Education is indeed the great equalizer. Unfortunately, the quality of education given to children in America is not equal.
David Brooks, The New York Times’ Op-Ed columnist makes the point that most of us eduholics have been fretting over for a long while: Our lack of educational progress-- in particular, the achievement gap between the rich and the poor-- is dragging down our economic and sociological growth. And it should be these issues of education that should be dominating headlines and water cooler gripes-- not the rising price of gas.
... the skills slowdown is the biggest issue facing the country. Rising gas prices are bound to dominate the election because voters are slapped in the face with them every time they visit the pump. But this slow-moving problem, more than any other, will shape the destiny of the nation.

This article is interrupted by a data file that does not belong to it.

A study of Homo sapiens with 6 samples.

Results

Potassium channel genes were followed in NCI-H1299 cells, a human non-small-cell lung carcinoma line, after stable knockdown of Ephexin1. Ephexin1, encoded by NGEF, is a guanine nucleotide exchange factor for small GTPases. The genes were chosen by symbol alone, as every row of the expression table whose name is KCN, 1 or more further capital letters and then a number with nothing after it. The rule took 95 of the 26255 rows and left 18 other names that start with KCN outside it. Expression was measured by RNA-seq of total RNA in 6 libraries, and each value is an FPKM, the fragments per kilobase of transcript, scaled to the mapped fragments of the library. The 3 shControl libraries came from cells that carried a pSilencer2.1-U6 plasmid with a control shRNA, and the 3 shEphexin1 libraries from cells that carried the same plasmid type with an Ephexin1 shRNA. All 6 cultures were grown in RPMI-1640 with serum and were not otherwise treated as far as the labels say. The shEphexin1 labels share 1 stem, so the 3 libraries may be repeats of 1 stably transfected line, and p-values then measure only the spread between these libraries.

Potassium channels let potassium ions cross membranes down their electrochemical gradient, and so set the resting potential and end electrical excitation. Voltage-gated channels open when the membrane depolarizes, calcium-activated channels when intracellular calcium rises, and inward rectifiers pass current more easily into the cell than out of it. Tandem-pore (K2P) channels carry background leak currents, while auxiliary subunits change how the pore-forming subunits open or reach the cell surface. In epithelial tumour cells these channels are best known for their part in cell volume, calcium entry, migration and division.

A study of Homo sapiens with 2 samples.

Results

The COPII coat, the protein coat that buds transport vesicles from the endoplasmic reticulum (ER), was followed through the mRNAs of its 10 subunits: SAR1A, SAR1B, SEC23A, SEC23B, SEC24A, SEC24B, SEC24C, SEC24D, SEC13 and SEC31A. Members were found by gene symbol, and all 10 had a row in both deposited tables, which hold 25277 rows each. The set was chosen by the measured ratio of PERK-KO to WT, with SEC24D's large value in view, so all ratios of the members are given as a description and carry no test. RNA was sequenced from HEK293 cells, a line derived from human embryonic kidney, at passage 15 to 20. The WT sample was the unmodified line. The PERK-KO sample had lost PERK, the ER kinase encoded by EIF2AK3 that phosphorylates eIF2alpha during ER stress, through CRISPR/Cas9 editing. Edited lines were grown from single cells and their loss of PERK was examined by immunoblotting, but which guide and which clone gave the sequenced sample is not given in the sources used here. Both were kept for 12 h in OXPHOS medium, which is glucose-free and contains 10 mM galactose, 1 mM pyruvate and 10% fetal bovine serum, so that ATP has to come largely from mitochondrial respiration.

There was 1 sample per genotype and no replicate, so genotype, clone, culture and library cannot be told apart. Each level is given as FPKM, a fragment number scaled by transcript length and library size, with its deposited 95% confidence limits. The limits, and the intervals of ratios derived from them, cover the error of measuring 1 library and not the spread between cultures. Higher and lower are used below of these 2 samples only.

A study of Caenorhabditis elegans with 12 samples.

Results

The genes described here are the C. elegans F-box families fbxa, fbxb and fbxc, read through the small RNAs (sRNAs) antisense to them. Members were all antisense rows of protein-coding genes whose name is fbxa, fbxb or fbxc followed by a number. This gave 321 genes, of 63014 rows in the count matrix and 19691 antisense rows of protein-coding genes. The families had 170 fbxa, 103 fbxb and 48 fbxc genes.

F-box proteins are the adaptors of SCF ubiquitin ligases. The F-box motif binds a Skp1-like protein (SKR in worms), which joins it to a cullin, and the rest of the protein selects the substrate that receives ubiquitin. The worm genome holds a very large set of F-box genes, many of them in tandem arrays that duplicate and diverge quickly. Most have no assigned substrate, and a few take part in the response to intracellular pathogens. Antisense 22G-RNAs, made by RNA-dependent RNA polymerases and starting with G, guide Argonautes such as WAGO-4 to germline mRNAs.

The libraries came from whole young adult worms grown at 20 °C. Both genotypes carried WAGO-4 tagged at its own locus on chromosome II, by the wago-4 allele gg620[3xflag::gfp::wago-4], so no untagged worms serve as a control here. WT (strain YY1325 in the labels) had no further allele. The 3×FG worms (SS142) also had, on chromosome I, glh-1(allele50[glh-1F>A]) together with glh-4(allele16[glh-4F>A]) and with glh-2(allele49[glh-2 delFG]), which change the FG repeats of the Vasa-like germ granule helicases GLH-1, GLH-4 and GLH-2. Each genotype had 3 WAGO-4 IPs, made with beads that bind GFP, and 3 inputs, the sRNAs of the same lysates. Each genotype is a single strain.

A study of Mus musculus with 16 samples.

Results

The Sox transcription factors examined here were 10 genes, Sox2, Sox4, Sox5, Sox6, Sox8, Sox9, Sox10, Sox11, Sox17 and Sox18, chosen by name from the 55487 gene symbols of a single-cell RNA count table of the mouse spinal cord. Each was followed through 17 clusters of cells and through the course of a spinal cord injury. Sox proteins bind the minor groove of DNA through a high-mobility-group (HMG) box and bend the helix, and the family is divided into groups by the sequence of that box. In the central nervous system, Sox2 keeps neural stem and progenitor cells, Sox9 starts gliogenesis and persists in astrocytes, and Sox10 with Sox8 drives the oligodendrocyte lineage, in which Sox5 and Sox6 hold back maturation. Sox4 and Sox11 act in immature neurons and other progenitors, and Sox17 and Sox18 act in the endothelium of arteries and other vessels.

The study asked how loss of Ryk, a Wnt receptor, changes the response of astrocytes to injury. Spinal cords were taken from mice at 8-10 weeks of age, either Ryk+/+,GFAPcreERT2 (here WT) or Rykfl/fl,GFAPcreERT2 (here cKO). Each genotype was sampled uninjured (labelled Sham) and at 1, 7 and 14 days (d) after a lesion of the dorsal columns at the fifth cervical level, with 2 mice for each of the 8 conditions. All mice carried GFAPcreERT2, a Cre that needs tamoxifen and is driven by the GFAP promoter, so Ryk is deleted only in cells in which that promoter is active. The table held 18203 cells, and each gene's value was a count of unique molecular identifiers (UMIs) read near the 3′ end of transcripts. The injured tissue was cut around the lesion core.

Second, there is a big debate under way over the sources of middle-class economic anxiety. Some populists emphasize the destructive forces of globalization, outsourcing and predatory capitalism. These people say we need radical labor market reforms to give the working class a chance. But the populists are going to have to grapple with the Goldin, Katz and Heckman research, which powerfully buttresses the arguments of those who emphasize human capital policies. It’s not globalization or immigration or computers per se that widen inequality. It’s the skills gap. Boosting educational attainment at the bottom is more promising than trying to reorganize the global economy.While the price at the pump hurts, it’s our nation’s human asset gap that is going to keep the price of gas higher, our reliance on foreign innovations deeper, and the divide between the rich and poor wider. Just as we are driving less, trying to live “greener” and driving a few extra blocks to save 5-cents on gas, all of us should be equally obsessed about the educational deficits in this country. We-- teachers, mechanics, i-bankers and journalists-- need to live “gap narrowing” lives.